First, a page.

Japan’s abrupt decision to suspend deployment of U.S.-produced AEGIS Ashore missile defense systems amid cost and technical concerns came as a bit of a surprise.
Announced by Defense Minister Taro Kono on June 15, the move effectively freezes a key element of the country’s defense strategy against threats from North Korea, as well as potential adversaries in China and Russia. It also serves as a potential strain on the relationship with Japan’s closest ally and security partner, the United States, at a time the administration of U.S. President Donald Trump has pushed allies to increase investment in their respective security.
One of the cornerstones of Japan’s national defense policy – as laid out in its most recent Mid-Term Defense Program (2019-2023) – was the addition of the Lockheed Martin AEGIS Ashore systems to its arsenal in order to provide an extra layer to its current air defense capability.
The new AEGiS Ashore installations would help provide greater range and resiliency in the efforts to defend against incoming ballistic missiles across the entirety of Japanese territory in the event of conflict. Two installations were ordered via the U.S. government-to-government Foreign Military Sales (FMS) channel, at an initial price of $2.1 billion.
Once brought into service, the systems would reduce dependency on the Japan Maritime Self-Defense Force’s six AEGIS-equipped destroyers and land-based Japan Air Self-Defense Force Patriot PAC 3 surface-to-air missile (SAM) systems to defend against North Korean missiles. The latter are deployed at JASDF bases at Narashino, Hamamatsu, Ashiya, and Tsuiki.
The AEGIS Ashore sites were to be situated on the southwestern and northern ends of Honshu, the largest and most populous island of Japan proper, at Japan Ground Self-Defense Force (JGSDF) bases at Akita Prefecture (north) and Yamaguchi Prefecture (southwest).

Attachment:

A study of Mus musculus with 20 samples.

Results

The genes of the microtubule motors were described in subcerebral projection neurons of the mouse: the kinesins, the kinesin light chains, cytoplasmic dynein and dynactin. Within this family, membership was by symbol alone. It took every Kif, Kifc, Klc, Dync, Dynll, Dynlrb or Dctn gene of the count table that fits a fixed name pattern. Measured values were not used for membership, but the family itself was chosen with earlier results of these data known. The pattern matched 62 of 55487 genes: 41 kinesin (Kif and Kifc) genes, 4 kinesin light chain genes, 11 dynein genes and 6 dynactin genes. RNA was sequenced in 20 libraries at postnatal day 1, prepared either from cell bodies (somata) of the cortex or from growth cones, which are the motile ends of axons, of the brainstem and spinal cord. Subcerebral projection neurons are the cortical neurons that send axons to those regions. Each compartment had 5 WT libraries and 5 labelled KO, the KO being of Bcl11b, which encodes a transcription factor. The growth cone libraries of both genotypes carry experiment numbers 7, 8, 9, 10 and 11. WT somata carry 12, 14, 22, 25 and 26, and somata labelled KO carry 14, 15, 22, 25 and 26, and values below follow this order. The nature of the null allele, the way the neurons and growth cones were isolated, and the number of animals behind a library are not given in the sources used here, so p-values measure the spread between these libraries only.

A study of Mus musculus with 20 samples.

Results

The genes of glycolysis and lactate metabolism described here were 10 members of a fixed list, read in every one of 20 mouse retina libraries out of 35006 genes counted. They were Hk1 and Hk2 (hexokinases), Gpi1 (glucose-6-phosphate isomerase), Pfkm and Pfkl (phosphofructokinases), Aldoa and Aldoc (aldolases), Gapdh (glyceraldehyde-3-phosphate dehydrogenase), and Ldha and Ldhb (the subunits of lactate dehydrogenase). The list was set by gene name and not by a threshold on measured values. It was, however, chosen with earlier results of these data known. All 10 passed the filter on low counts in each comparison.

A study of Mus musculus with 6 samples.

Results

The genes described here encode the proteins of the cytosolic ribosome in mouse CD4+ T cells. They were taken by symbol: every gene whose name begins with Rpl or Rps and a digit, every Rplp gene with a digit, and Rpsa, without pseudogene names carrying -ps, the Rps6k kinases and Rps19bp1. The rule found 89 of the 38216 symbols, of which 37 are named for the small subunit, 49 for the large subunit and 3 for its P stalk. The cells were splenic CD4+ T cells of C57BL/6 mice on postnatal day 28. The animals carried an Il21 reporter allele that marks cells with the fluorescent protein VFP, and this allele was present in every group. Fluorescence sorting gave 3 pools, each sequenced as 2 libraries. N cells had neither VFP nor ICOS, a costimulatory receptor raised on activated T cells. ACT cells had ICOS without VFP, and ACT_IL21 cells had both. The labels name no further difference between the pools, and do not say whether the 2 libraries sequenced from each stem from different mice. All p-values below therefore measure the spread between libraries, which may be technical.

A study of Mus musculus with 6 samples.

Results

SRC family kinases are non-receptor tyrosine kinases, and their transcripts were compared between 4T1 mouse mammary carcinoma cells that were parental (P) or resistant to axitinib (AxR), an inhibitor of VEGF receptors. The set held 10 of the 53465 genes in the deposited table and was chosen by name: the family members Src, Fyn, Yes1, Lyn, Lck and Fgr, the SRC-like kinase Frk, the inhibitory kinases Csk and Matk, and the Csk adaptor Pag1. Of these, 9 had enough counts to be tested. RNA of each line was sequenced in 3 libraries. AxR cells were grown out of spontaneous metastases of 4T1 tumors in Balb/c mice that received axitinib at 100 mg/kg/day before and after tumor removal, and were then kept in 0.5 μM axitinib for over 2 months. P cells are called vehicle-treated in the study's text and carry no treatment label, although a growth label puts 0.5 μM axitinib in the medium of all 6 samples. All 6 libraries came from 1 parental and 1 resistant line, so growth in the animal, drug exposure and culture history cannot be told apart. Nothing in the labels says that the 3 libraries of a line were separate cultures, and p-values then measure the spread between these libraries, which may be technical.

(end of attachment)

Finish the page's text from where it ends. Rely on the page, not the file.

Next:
The new AEGIS Ashore systems were expected to be deployed by 2025.
But citing cost concerns and technical delays necessitated to ensure rocket boosters do not fall on civilian areas, Japan has put the introduction of the AEGIS Ashore systems on ice for now.
Already the idea had proven controversial in areas destined for AEGIS Ashore deployment, with local governments questioning health and safety concerns related to the systems. These include radiation from the Long Range Discrimination Radar and the aforementioned worries over rocket debris fallout.
Yet without introducing the land-based AEGIS systems, Japan is forgoing (for now at least) an additional capability for which it already has invested $116 million, leaving it reliant upon two air defense shields rather than three.
Further, the order represented a major investment in American technology, which Tokyo could point to when the Trump administration prods America’s allies to invest more in their own defense. Instead, the Japanese government is now left tip-toeing around the issue as it prepares to enter negotiations over cost-sharing for American forces stationed in Japan this fall.
Beyond the potential for a rift in its relationship with Washington, there is the lack of an additional air defense component at a time when China and Russia are continuing to grow their ballistic missile capabilities (a point underlined in Japan’s 2019 Defense White Paper) and always-unpredictable North Korea is issuing fresh threats against South Korea. The messaging sent to these potential adversaries may present a problem, but so, too, do questions of where and how Japan seeks to move forward in achieving a key national defense aim.
With Japan’s economy in recession and the nation confronting a tough economic road due to fallout from the U.S.-China trade dispute and COVID-19 pandemic, the rising costs related to AEGIS Ashore will not quickly recede from view. But by opting for a detour – whether temporary or permanent – Tokyo is now left confronting questions as to how to bolster its ballistic missile defense network without easy answers.